Tristan du Plessis’s magical summer
Tristan du Plessis is one of SA’s most prolific interior architects who has set the design scene ablaze with awe-inspiring work and scooped many local and international awards for best restaurant and bar design, since he founded Tristan du Plessis Studios (formerly Studio A) six years ago.
Du Plessis says he’s learnt so much about being an entrepreneur in the past few years. “There is so much other work that goes into running a business, as opposed to just doing the design work and being the best designer out there, which is obviously challenged.
“Growing a team that supports you, cultivating new business relationships, marketing abroad, and meeting new people is equally as exciting as the design work.”
His work is underpinned by extremely detailed design, and work that engages the audience. “It’s somewhat theatrical. Visiting a space I’ve designed has to feel like an experience. It’s that kind of spirit that’s embodied in restaurants like Tang and KoL Izakhaya.”
His projects which include Gorgeous George Hotel and Fynn African X Japanese in Cape Town, and both private and restaurant/bar work in Miami, Rome, Salzburg, Austria, Dubai, and Saudi Arabia, has made him into somewhat of a globetrotter, though he’s recently made Cape Town his permanent home.
“I’m looking forward to spending this summer in Cape Town and I’m quite happy that I’m not going to be travelling for a change. Home is beautiful.
“I enjoy Chinchilla and Georgous George for a sundowner, with Afro house playing in the background. Nobody does summer house music better than right here in Africa.”
When he’s not relaxing at home, travelling is often part-work, part-inspiration. “I’d love to switch my brain off from work for two weeks and experience the magic of a European summer,” he says that perfect summer break would be timed to experience all the new restaurant openings. “It’s kinda my job to go to the most beautiful restaurants in the world and see what’s current.”
He easily lists off this bucket list destinations: “I want to see Japan. The culture and the level of design is incredible, and it’s quite difficult to access a lot of the information coming through the west so it’s best to go to see it in person. I’d hire a car and drive along the coast in the south of France. And I want to visit Mexico for the art and design scene, which is really cutting edge at the moment.”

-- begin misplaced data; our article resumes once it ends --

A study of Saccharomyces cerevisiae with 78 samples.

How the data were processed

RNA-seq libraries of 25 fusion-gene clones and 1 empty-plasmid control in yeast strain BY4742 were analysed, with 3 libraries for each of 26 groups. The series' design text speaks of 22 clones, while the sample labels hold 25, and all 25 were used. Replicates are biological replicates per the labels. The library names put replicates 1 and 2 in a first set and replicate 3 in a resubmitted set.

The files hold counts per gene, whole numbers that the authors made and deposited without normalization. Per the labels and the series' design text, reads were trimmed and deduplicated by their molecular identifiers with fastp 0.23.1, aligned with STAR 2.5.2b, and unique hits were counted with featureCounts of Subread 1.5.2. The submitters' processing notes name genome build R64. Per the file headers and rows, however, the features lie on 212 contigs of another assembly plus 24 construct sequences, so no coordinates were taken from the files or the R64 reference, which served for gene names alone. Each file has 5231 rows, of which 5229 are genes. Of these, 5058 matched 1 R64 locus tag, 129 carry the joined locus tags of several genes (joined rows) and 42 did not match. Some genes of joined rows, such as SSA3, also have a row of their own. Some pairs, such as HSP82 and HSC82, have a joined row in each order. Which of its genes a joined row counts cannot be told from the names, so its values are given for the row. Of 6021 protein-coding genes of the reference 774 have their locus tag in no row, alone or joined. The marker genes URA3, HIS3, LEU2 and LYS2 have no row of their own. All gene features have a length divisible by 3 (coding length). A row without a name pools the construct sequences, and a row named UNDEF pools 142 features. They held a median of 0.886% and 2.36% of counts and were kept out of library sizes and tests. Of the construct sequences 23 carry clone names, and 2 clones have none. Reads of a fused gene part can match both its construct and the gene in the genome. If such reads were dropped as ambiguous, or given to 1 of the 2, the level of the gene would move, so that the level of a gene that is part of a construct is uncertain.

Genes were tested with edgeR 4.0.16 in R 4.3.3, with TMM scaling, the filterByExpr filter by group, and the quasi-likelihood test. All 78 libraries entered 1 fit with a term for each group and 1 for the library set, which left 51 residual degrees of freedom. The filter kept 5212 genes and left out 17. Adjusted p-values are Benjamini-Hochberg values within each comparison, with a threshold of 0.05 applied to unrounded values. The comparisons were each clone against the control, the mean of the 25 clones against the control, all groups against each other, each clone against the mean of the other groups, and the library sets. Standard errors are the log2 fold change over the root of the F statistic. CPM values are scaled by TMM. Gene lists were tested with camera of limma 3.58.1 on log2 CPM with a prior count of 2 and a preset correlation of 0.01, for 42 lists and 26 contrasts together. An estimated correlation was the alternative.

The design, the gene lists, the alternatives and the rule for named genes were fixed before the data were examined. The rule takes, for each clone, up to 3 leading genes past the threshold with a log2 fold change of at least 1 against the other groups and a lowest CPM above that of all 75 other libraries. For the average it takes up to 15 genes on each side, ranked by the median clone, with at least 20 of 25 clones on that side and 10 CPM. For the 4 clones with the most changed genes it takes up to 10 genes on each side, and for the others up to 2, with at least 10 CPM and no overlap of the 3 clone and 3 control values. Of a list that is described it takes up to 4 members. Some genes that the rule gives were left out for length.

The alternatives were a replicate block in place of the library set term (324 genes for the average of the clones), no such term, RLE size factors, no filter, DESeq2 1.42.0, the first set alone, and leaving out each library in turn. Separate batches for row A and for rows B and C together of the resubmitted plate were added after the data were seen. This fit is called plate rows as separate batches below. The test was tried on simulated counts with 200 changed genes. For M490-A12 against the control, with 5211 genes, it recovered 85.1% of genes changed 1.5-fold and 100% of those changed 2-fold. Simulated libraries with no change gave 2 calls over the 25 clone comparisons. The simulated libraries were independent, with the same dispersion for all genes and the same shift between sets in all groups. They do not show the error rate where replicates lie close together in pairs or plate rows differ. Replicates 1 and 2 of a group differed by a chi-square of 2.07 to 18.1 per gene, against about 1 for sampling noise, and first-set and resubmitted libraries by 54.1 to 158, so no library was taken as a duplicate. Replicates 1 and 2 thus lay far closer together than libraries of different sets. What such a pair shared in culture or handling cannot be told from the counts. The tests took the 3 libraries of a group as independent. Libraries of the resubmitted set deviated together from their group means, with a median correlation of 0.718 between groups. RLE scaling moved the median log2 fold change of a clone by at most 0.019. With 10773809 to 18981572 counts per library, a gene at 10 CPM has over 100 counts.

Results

But Paris is the one city he’d keep going back to. “I was lucky enough to work on a project in the French countryside – a few villas for an international client – and would go to about four or five times a year. If I wasn’t living in SA, I’d live in Paris, but Cape Town is the home I’d choose here.”
As a Courvoisier ambassador he recently hosted a #CourvoisierMoments event for his friends and industry peers, an invite-only preview of one of his latest design projects, the newly launched KoL Izakhaya at Hyde Park Shopping Centre, before it opened to the public.
“It was interesting being able to engage with people at a different level – taking people around and telling them the story behind some of the chosen material, art pieces and furniture. And then as things loosened up a few of my friends ended up behind the bar getting to know how to mix different cocktails. It was a really good mix of people from different backgrounds and everyone had something to bring to the table,” says Du Plessis about the secret to a great gathering.
Much like his design approach, it’s learning about the detail, artistry and sophistication of cognac that captures him. “There is such subtlety in the differences that make a great cognac – and the slight adjustments made to achieve the flavour profiles. As a consumer I see it as simple drink, but it’s actually quite detailed in how it comes to be; the process behind it. It’s the only drink I used to drink, neat, with a big block of ice and now the French Twist is my favoured cocktail.”
Du Plessis who’s not an influencer per se, says he likes to just share his work on social media. A few brands have approached him to partner with them but Courvoisier made the most sense. “I said yes because the brand positioning resonated and I really appreciate the craftsmanship that goes behind producing the products. It all just fits in with my personal belief system.”